In other news, now that states are passing their own laws to allow college athletes to profit off their own names and likeness (thanks California), the NCAA says they're taking steps to allow all athletes to do the same.
Meanwhile, American farmers will plant their smallest crop of wheat in literally 110 years this season according to a Bloomberg survey. Low commodity prices and Trump's trade war have made corn a more attractive (profitable) alternative.
Finally, officials who spoke to NBC News off the record say some of the details Trump shared during his Baghdadi raid announcement were wrong or fake and they're afraid to actually tell him many details about anything.
A few of those colorful details were wrong. Many of the rest were either highly classified or tactically sensitive, and their disclosure by the president made intelligence and military officials cringe, according to current and former U.S. officials.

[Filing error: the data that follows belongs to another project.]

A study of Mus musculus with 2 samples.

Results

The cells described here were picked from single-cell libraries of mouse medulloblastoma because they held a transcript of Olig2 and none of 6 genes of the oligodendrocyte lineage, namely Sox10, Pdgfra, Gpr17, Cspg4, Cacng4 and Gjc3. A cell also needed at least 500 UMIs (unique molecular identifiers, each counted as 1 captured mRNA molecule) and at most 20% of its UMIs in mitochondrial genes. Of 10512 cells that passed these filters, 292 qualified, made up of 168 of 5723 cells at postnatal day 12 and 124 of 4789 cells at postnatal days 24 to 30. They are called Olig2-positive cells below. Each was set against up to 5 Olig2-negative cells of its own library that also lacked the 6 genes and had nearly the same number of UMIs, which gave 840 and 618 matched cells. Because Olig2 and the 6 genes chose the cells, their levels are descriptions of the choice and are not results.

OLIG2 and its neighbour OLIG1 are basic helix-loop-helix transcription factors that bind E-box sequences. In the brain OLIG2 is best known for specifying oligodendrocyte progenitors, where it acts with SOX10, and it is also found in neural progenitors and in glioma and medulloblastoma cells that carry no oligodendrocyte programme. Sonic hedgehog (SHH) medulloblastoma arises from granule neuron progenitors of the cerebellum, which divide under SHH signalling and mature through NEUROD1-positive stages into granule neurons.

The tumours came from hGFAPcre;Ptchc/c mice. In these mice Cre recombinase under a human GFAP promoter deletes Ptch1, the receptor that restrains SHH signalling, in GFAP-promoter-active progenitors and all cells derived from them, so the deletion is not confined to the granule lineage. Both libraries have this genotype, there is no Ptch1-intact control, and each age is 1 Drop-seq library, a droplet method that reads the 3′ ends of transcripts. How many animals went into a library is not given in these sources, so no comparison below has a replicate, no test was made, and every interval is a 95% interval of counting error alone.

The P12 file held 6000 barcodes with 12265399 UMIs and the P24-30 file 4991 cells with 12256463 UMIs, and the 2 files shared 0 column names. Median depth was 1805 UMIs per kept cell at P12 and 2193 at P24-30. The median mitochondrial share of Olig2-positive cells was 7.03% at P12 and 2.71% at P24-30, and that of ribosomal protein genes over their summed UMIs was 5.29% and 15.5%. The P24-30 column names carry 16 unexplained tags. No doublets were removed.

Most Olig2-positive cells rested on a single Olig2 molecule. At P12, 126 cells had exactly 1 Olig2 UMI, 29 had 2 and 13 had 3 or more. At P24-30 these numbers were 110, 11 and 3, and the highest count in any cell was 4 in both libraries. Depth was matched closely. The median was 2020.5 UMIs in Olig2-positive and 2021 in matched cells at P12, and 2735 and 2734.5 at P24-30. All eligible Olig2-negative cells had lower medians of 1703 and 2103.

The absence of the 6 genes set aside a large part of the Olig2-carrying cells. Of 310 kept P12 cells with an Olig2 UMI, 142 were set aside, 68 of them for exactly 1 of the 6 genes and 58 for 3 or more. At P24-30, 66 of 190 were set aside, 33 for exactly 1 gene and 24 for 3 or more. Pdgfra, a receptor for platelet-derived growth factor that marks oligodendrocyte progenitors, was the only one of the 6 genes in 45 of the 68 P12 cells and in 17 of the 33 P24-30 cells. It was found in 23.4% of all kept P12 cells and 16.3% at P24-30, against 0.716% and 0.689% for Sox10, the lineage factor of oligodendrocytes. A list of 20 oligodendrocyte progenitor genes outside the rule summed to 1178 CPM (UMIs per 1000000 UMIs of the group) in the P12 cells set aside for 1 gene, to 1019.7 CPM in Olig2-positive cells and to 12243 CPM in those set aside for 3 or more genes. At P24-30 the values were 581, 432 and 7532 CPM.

The al-Baghdadi raid is the most high-profile exhibit of a reality U.S. officials have had to contend with since Trump took office: a president with a background in show business who relishes delivering a compelling narrative and deals daily with the kind of covert, life-and-death sets of facts that inspire movie scripts. [...]
"We agonized over what we would put in his briefings," one former senior White House official said, "because who knows if and when he's going to say something about it."
"He has no filter," the official added. "But also if he knows something, and he thinks it's going to be good to say or make him appear smarter or stronger, he'll just blurt it out."
As others have posited, it does appear that Trump only learned about the details after it was over.
Of course, the details he came away with were not real. At least not all of them.